Digital Freedoms in International Law – at last a great conversation-starter in the field of law enforcement, human rights and technology

The Global Network Initiative launched their report on Digital Freedoms in International Law: Practical Steps to Protect Human Rights Online in Washington DC yesterday.  The report makes for interesting reading and can be found on the GNI website with webstreaming of the event also available.  The report is of greater interest to me than the title might suggest.  The report certainly delivers on its promise of ‘practical measures to protect human rights in networked technologies’, but there is quite an emphasis on recognising and accommodating law enforcement imperatives.  It was exciting to see how many of the themes in the report echo topics that I have been discussing in previous blog posts.

The report gives a good primer on relevant principles of international human rights law and on international efforts at controlling export of ‘dual use’ technologies.  It gives extensive examples where ICT companies may find themselves involved (unwittingly or otherwise) in situations where the supply of their products in a particular market could contribute to human rights abuses.  It focuses on technologies used for blocking or censoring internet access and those used for surveillance.  The report also addresses the situation where companies hold users’ information that countries may seek to access.

One of the strengths of the report is that it takes a realistic approach to the need for governments to be able to access information for legitimate purposes.  It acknowledges that it is acceptable and, in many cases even desirable, for governments to be able to access users’ information for law enforcement or to use blocking or surveillance tools.  The key challenge is in making sure that these purposes are legitimate and that there is appropriate control and scrutiny.  The report explains the international human rights law jurisprudence on the ways in which certain rights can legitimately be limited, giving particular attention to the context of security and anti-terrorism measures.  It then explores ways in which these issues apply to sale and use of web and mobile technologies.

The report makes practical recommendations companies, governments, NGOs, IGOs and investors.  The report includes a significant number of references to mutual legal assistance treaties, including several recommendations relating to MLATs:

  • 4.1.7 – companies should insist that, if the company holds data on a server in another jurisdiction, they will only provide that information to the country through MLAT processes.
  • 4.2.13 – States should insist that demands for access to data held on their territory should be made only through MLA arrangements
  • 4.3.18 – global and regional IGOs should review the international system of MLATs to address legal uncertainties and to confirm that MLAT processes are the only appropriate way in which to demand access to information in another country’s jurisdiction.

It is great to see MLA being given attention in this field; too often it is overlooked as a little-understood and obscure governmental process.  The authors acknowledge that the report is not the end of the story, but rather an invitation for further discussion and development of the law and policy in this area.  It certainly has raised some interesting questions in my mind:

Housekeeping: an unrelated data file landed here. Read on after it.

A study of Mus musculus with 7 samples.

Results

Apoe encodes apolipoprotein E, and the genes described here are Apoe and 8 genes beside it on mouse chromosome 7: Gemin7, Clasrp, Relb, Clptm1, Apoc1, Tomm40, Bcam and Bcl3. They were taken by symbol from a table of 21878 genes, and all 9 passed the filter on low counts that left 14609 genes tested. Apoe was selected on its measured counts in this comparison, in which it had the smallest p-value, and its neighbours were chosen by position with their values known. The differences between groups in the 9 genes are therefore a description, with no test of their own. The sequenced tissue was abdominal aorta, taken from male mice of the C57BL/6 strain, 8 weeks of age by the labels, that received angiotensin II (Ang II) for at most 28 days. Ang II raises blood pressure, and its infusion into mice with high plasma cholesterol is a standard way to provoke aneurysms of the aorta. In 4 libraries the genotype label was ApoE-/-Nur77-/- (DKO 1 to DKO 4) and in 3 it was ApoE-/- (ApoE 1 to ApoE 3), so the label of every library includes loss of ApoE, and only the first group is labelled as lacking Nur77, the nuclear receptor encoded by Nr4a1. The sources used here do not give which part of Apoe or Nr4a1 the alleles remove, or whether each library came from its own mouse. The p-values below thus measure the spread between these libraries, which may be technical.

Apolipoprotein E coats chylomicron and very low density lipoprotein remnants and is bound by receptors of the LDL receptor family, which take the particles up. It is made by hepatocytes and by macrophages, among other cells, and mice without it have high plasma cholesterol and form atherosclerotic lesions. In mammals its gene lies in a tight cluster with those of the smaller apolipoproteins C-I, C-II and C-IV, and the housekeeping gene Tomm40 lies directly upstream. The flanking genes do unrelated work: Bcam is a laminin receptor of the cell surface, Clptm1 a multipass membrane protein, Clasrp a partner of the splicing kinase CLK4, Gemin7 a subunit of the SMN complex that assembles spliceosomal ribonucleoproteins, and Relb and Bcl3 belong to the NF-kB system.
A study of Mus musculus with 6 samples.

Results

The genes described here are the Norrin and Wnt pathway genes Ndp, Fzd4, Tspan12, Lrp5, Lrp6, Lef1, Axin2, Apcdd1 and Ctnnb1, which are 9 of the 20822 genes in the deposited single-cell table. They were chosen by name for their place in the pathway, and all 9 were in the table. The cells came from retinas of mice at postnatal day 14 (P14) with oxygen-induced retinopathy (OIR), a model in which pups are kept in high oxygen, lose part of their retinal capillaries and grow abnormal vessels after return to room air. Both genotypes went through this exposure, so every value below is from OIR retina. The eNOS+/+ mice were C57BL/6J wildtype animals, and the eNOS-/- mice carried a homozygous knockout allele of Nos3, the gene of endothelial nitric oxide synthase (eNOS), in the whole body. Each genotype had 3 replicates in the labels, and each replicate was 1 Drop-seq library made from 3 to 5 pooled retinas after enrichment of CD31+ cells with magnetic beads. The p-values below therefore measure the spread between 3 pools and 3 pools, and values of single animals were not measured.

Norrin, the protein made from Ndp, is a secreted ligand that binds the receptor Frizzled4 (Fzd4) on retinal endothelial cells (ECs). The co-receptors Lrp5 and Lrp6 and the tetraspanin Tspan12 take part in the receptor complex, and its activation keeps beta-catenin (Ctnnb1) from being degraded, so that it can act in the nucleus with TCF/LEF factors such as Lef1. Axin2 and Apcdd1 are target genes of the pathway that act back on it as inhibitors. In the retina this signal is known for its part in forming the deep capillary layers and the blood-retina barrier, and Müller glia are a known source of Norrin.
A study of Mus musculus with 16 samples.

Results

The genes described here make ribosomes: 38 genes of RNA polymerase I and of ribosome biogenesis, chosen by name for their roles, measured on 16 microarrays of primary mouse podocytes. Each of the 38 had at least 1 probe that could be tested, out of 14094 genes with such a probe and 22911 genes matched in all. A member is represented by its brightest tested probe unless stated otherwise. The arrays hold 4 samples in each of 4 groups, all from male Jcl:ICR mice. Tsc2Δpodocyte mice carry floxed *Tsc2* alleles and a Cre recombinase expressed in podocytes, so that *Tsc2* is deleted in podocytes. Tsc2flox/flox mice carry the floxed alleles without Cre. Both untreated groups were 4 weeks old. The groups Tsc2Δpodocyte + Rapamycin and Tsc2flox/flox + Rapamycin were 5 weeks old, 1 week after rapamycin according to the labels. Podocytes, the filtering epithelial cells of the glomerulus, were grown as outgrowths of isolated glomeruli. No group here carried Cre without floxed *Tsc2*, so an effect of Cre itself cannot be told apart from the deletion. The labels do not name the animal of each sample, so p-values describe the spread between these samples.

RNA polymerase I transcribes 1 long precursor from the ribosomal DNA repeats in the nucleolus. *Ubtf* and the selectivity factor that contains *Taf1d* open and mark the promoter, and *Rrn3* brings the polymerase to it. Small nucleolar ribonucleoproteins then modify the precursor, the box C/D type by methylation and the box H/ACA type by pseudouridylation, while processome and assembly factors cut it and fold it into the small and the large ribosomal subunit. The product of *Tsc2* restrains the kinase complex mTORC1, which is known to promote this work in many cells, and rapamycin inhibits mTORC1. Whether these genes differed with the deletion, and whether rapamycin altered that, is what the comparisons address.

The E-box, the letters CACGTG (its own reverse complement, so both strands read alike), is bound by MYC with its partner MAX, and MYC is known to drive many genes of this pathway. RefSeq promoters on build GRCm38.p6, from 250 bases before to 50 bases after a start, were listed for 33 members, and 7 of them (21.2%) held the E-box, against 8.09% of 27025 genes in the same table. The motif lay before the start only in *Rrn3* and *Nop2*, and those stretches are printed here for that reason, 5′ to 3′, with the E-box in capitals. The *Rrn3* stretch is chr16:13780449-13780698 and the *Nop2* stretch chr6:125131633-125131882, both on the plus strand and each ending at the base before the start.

• What is the role of cooperation outside of the MLAT process?  The report does not consider agency-to-agency sharing of information that occurs between foreign police forces or other law enforcement agencies either formally (through memoranda of understanding) or through less formal channels.  This is such an important and frequently-used tool from an operational perspective that it would be good to give consideration to issues such as when is agency-to-agency cooperation appropriate, are there adequate safeguards in place and are there improvements that should be made to existing practices?
  • How can MLAT processes be improved?  The report notes that MLATs are time-consuming and inefficient and invites further consideration on how to improve this system.  The formality of MLA is both its strength and its downfall, which the authors implicitly acknowledge by praising the protections provided under MLATs but lamenting MLATs’ inefficiencies.  This is certainly an area that is ripe for exploration.
  • What is the best way to assist small companies and start-ups to navigate this difficult area? While companies such as Yahoo!, Google and Microsoft may have sufficient depth of experience in their legal and policy teams to be comfortable engaging on these issues, many other ICT companies operate with much smaller teams who are more accustomed to dealing with issues of commercial contracts and intellectual property than international human rights law and mutual legal assistance.  The report encourages sharing of information and expertise through networks such as GNI and highlights the supporting role that governments and NGOs can play.  Clearly further work is needed to build a culture of human rights protection and information sharing.
  • How should companies handle the ‘borderline’ cases? Examples such as Syria and Egypt provide excellent starting points for discussion and formulation of suggestions on the approach that ICTs should take.  But as the audience discussed in Thursday’s Q&A session, how should we handle circumstances where ‘good’ countries do bad things?